Air Pollution in Oxford Street

MQT on 2014-01-29
Session date: 
January 29, 2014
Question By: 
Murad Qureshi
Labour Group
Asked Of: 
The Mayor


Given that the London Air Quality Network's air pollution sensor in Oxford Street reported a breach of the nitrogen dioxide hourly legal limit for the whole of 2014 in the first five days of this year, what action are you taking to ensure only the cleanest buses use Oxford Street?


Answer for Air Pollution in Oxford Street

Answer for Air Pollution in Oxford Street

Answered By: 
The Mayor

Air pollution along Oxford Street is caused by a variety of sources including buses, taxis, freight movements and building emissions. I have been working closely with the London Borough of Westminster to address these.

For buses, I am retrofitting 159 older Euro 3 generation buses, which regularly serve Oxford Street, with selective catalytic reduction equipment by March 2014. This will cut their tailpipe NOx - which includes nitrogen dioxide - by up to 88 per cent. I am also increasing the number of hybrid buses from approximately a third of buses operating at the rush-hour peak to roughly half by June this year and 65 per cent by summer 2015.

The New Bus for London, which is the cleanest hybrid double decker in the fleet, will make a significant contribution. It is already deployed on route 390, and will also be rolled out to route 148, which passes Marble Arch, on February 15; route 10, which travels along Oxford Street, on April 26; and route 8, which passes through Oxford Circus, in June. The cumulative effect of these measures will be a significant cut in road-side nitrogen dioxide from buses.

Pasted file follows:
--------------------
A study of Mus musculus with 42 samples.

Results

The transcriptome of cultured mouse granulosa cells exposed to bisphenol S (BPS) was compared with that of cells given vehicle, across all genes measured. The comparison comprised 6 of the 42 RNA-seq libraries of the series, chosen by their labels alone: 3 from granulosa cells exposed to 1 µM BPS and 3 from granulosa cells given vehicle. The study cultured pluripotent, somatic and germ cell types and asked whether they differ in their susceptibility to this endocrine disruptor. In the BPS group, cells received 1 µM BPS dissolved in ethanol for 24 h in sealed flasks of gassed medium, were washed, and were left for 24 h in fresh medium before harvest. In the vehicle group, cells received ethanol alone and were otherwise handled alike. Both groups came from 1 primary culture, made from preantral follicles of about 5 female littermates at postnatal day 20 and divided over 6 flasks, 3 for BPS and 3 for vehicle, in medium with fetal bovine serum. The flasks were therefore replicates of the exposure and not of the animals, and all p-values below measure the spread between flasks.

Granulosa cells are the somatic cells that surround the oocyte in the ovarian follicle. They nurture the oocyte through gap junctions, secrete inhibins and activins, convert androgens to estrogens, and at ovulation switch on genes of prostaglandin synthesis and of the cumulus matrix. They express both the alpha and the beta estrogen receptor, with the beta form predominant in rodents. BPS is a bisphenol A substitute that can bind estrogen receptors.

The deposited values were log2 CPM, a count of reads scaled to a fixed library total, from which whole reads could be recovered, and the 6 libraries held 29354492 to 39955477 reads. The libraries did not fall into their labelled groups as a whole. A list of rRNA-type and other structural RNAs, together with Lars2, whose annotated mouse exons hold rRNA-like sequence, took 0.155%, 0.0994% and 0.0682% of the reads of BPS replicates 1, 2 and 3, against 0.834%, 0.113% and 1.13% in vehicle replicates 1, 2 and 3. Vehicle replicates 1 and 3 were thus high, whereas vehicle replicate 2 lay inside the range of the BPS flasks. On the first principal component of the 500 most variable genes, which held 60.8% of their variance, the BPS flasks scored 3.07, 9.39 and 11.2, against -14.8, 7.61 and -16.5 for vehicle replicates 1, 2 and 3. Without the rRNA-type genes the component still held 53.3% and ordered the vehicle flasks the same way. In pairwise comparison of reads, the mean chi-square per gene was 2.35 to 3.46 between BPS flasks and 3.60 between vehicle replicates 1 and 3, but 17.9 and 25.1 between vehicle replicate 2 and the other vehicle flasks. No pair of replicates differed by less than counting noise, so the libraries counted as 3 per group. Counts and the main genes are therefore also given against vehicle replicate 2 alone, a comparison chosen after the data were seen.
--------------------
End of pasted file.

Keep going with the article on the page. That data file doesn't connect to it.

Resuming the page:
For taxis, I have already retired more than 3,000 of the most polluting taxis. In January I set out a new requirement for all newly licenced taxis to be zero emission capable. The first of these will be on London's streets from 2015.

Working with private sector partners, I have supported the Freight Electric Vehicles in Urban Europe (FREVUE) project to consolidate freight activity along Regent Street and using electric vehicles for zero emission "last mile" deliveries.

Through my Air Quality Fund, I have provided £330,000 to the Cross River Partnership to engage with businesses, Business Improvement Districts, such as the New West End Company, and the Crown Estates to raise awareness amongst staff, reduce unnecessary deliveries and tackle building emissions. I have provided a further £100,000 to Westminster for additional measures to reduce human exposure focused in and around Oxford Street.

By taking a comprehensive approach looking at all emission sources and working in partnership with the various businesses operating along Oxford Street, I am confident that air quality along Oxford Street will continue to improve.